Kicking the habit helps animals, too

By Heather Moore

The Great American Smokeout was November 18. While everyone knows that smoking is harmful to humans, contributing to cancer, coronary heart disease and other life-threatening illnesses, relatively few people realize that animals are also dying because of cigarettes. Not only can our beloved animal companions develop cancer from secondhand smoke, just as humans can, monkeys, mice, rats and other animals are cruelly killed in irrelevant laboratory experiments funded by big tobacco companies and government agencies.

If you care about animals, you can do something to stop these deadly experiments: Stop smoking.

Studies published this year show that animals are still being used to test the “safety” of cigarette ingredients—and to determine whether harmful substances are actually, um, harmful—even though non-animal test methods are readily available. For example, in order to test the safety of a compound that’s used to keep tobacco moist, experimenters with Philip Morris stuffed more than 500 rats into tiny canisters and forced tobacco smoke into their noses six hours a day for 90 consecutive days. The rats were then killed and dissected.

Experimenters funded by R.J. Reynolds spread concentrated cigarette smoke particles on more than 800 rats’ skin three times a week for more than four months so that they would develop skin tumors. These rats were also then killed and cut apart.

Researchers have also laced animals’ food with tobacco in order to study the effects of ingesting smokeless tobacco. Not surprisingly, the animals suffered devastating health problems, including damaged eyes, skin and internal organs; weight loss; and genital swelling.

We already know that pregnant women who smoke—or are exposed to smoke—endanger their unborn babies, but that didn’t stop experimenters at the University of California–Davis from locking eight pregnant rhesus monkeys into chambers and exposing them to smoke for six hours a day, five days a week during the last two months of the monkeys’ pregnancies. The experimenters continued to pump cigarette smoke into the enclosures for two months after the babies were born. When the babies were 2 1/2 months old, they were taken from their mothers, killed and dissected so that experimenters could see how the smoke had affected their arteries.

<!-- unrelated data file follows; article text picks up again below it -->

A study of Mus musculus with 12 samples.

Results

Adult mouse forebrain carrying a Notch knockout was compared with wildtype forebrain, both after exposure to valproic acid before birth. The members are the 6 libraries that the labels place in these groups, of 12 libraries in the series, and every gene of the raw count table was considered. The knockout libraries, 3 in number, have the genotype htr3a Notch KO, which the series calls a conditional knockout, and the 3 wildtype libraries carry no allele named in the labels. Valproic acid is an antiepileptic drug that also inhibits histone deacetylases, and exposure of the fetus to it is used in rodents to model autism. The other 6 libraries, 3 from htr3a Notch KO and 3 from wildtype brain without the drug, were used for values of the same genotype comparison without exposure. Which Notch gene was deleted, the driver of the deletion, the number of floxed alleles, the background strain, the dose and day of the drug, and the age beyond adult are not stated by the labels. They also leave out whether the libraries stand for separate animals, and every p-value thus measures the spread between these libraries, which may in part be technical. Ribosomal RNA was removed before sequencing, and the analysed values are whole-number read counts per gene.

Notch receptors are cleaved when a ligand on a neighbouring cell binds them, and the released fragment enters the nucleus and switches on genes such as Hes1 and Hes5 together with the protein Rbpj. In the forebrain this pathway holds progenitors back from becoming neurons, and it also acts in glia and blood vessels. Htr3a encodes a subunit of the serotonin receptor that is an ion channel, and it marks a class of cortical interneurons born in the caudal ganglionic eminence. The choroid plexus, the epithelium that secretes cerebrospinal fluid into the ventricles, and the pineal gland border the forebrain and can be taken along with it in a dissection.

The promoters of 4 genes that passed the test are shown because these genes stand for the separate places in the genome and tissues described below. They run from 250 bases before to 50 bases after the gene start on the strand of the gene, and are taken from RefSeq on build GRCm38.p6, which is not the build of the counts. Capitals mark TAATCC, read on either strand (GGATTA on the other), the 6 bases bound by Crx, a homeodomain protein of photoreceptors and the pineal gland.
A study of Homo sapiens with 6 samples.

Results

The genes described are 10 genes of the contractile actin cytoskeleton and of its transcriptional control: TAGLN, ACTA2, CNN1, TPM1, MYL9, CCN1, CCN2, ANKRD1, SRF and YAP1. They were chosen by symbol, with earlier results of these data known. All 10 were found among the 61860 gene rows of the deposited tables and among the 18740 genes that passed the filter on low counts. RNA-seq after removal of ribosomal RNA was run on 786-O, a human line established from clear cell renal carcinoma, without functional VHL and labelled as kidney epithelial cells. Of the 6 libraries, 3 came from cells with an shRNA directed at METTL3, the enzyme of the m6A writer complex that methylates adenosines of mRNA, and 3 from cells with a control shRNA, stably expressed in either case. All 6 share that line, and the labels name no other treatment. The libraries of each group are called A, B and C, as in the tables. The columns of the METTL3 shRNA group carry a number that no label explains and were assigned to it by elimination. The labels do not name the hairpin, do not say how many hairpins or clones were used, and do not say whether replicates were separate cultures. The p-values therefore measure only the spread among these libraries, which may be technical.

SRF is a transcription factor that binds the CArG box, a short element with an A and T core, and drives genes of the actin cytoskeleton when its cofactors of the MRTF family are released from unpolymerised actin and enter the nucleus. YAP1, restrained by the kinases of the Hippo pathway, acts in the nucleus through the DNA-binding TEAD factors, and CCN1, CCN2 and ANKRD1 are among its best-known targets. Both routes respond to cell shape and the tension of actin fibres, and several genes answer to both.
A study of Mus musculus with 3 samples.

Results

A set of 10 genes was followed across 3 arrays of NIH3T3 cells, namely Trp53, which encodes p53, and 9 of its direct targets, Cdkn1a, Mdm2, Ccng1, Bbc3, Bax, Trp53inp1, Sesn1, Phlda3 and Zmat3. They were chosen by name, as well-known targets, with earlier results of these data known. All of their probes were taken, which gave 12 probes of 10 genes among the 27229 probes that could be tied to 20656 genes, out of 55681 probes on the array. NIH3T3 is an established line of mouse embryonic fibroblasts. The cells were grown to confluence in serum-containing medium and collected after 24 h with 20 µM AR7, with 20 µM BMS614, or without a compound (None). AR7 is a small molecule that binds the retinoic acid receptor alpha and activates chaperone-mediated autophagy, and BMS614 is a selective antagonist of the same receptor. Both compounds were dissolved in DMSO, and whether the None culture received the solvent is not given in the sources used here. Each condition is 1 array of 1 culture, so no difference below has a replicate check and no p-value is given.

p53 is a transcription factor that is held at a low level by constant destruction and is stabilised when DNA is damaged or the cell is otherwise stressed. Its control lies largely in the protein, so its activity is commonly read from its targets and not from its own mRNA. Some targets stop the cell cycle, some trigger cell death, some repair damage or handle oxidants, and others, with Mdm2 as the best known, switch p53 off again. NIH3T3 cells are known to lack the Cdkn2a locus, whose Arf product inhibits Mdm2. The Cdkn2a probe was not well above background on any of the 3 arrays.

Versions of these inhumane and unnecessary experiments have been conducted before. In previous years, researchers exposed pregnant monkeys to nicotine to observe its detrimental effects on their fetuses, made mice and rats breathe cigarette smoke to test the effects of adding high-fructose corn syrup to cigarettes as a flavoring agent, cut live dogs’ chests open to study how cigarette smoke causes airway irritation and much more.

None of these cruel experiments is required by U.S. law—American Spirit cigarettes are not tested on animals—and they wouldn’t even be legal if conducted in Belgium, Germany or the U.K., where smoking experiments on animals have been banned.

PETA has asked the U.S. Food and Drug Administration to ban smoking experiments on animals in America as well. Non-animal test methods are readily available and are more relevant to humans; in fact, all the tobacco product tests required in Canada are non-animal tests. Animals don’t make good models for humans. Different animals have different reactions to toxins, and animals in laboratories aren’t exposed to nicotine in the same manner, or time frame, as humans. Besides, we already know from clinical research—and from basic common sense—that nicotine is bad for us.

The next time you’re “dying for a cigarette,” please remember that animals are dying too. They’re dying for you to quit smoking.

Heather Moore is a research specialist for the PETA Foundation.